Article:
5 questions for `Amadeus’ actor turned `Spring’ producer Tom Hulce

Sep 03

If the name Tom Hulce sounds familiar, it’s probably not because he’s one of the Tony Award-winning producers of the musical Spring Awakening. He rings that familiarity bell because he has one of the world’s most famous giggles. In 1984, he played Wolfgang Amadeus Mozart in the movie Amadeus and received an Oscar nomination. Or, perhaps the less cultured among us remember him as Pinto in Animal House.

Hulce, 54, still acts occasionally but he’s more of a producer these days. While producing the 2004 movie A Home at the End of the World, Hulce discovered that his director, Michael Mayer, and the soundtrack composer, Duncan Sheik, were working on a musical adaptation of a controversial German play called Spring Awakening with writer Steven Sater.

Hulce agreed to join the team as a producer, and that decision led him to the 2007 Tony Awards.

Did that night at the Tonys remind you of being at the Academy Awards?

Tom Hulce: They were similar evenings because they were both oddly friendly and fun – I think because so many people from each project were nominated for their work. And here’s the funny thing. Amadeus was nominated for 11 awards and won eight. Spring Awakening was nominated for 11 awards and won eight.

What do you think that means?

Hulce: I’ve been extremely lucky. That’s what it means.

Why do you think Spring Awakening, which is essentially a late 19th-century teenage drama infused with a 21st-century pop-rock concert, has been such a huge hit?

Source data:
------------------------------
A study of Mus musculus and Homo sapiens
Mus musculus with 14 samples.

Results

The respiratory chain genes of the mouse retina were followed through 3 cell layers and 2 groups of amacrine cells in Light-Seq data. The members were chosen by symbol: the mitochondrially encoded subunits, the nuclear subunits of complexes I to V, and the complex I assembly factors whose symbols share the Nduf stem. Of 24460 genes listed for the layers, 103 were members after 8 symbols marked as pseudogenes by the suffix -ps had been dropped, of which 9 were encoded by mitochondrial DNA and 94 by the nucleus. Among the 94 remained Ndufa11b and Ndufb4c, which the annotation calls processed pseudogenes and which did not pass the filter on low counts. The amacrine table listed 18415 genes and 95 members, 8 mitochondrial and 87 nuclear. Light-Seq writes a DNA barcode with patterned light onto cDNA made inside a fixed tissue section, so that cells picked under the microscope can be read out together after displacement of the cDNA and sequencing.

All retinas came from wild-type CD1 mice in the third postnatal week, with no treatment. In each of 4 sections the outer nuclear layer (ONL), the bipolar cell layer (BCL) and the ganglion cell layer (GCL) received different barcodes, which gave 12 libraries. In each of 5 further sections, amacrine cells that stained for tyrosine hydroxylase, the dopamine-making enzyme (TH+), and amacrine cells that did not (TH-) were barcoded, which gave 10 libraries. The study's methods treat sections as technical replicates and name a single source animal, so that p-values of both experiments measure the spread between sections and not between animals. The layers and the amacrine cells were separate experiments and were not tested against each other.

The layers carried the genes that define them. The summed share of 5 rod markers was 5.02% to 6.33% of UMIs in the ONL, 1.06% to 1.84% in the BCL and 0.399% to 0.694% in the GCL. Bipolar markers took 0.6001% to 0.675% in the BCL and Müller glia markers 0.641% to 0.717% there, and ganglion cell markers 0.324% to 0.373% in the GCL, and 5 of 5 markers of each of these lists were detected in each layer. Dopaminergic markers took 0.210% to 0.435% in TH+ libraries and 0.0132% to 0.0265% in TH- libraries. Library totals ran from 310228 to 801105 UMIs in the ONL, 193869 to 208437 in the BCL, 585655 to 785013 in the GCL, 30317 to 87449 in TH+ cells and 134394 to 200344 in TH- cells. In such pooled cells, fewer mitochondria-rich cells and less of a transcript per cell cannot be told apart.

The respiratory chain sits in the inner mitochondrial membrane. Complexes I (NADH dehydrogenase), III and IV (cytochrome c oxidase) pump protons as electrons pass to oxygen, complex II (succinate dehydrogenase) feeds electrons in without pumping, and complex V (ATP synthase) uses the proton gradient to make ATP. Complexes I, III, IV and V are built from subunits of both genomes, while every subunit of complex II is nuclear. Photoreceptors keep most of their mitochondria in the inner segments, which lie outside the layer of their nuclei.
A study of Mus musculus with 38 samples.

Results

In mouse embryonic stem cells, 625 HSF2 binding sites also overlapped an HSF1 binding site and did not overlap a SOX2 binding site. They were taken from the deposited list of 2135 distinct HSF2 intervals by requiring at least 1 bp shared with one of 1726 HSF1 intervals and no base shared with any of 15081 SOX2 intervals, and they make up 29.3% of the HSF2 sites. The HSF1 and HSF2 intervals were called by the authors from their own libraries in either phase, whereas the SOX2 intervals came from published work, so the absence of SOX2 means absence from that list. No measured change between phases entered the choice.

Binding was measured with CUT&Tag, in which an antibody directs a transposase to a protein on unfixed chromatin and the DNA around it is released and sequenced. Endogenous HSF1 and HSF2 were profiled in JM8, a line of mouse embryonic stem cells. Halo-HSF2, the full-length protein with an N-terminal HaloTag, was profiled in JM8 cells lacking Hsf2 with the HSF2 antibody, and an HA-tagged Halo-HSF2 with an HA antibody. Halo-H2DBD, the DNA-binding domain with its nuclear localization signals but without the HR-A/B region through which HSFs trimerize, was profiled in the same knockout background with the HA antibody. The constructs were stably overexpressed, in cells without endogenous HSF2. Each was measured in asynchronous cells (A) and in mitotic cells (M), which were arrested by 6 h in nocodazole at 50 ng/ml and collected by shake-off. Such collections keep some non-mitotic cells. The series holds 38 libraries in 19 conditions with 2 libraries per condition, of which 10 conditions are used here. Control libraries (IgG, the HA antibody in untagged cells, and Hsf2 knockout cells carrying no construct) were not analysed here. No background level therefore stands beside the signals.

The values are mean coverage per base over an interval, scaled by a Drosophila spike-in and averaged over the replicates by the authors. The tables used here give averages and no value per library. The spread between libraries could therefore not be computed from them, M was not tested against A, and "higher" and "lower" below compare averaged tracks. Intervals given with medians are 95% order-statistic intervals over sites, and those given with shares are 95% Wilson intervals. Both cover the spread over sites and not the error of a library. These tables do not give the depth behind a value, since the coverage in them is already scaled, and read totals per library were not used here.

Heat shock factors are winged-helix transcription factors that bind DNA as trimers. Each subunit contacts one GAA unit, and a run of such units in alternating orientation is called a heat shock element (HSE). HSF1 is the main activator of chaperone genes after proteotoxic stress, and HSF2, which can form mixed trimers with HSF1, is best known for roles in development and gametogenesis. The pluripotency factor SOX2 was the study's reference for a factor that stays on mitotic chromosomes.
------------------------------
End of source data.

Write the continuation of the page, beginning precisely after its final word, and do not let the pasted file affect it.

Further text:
Hulce: There is universality in the subject matter and this time in everyone’s life. Whether you’re 15 or 70p, a parent or a child, the show offers a different point of entry, a point of connection to the story. By the end of the evening, this commonality of experience accumulates so that everyone becomes one by the end. There’s something so satisfying about that. And then there’s the fact that the musical moments created by Duncan and Steven allow a kind of articulation and exhilaration that isn’t available in the real world of the story. There’s a kind of guilty joy in witnessing those kinds of moments. Duncan’s music is so amazingly melodic and Steven’s words are so poetic that you can really sense the darker moments underneath.

Is it inevitable that there will be a Spring Awakening movie musical?

Hulce: The negotiations are ongoing for the film version. It’s such an interesting prospect because everything that is so essential and unique about the musical is theatrical, about being in the room with the young people and feeling the excitement when they pull a microphone out of their school uniform. It’s interesting to talk about a cinematic equivalent.

The national tour of Spring Awakening launches in San Francisco with two leads from replacement casts on Broadway. How hard was it to cast the tour?

Hulce: Because people know what Spring Awakening is now, unlike when we started, we had interest from all over the country and assembled an incredible cast. We’re in love with this cast. And we have more casting to do because we have productions coming in London, Germany, Tokyo, Seoul – all these very different cultures around the world finding something so compelling about the story. This is so far beyond what I would have dared to dream.

For information about the Spring Awakening tour at the Curran Theatre, running through Oct. 12, visit www.shnsf.com.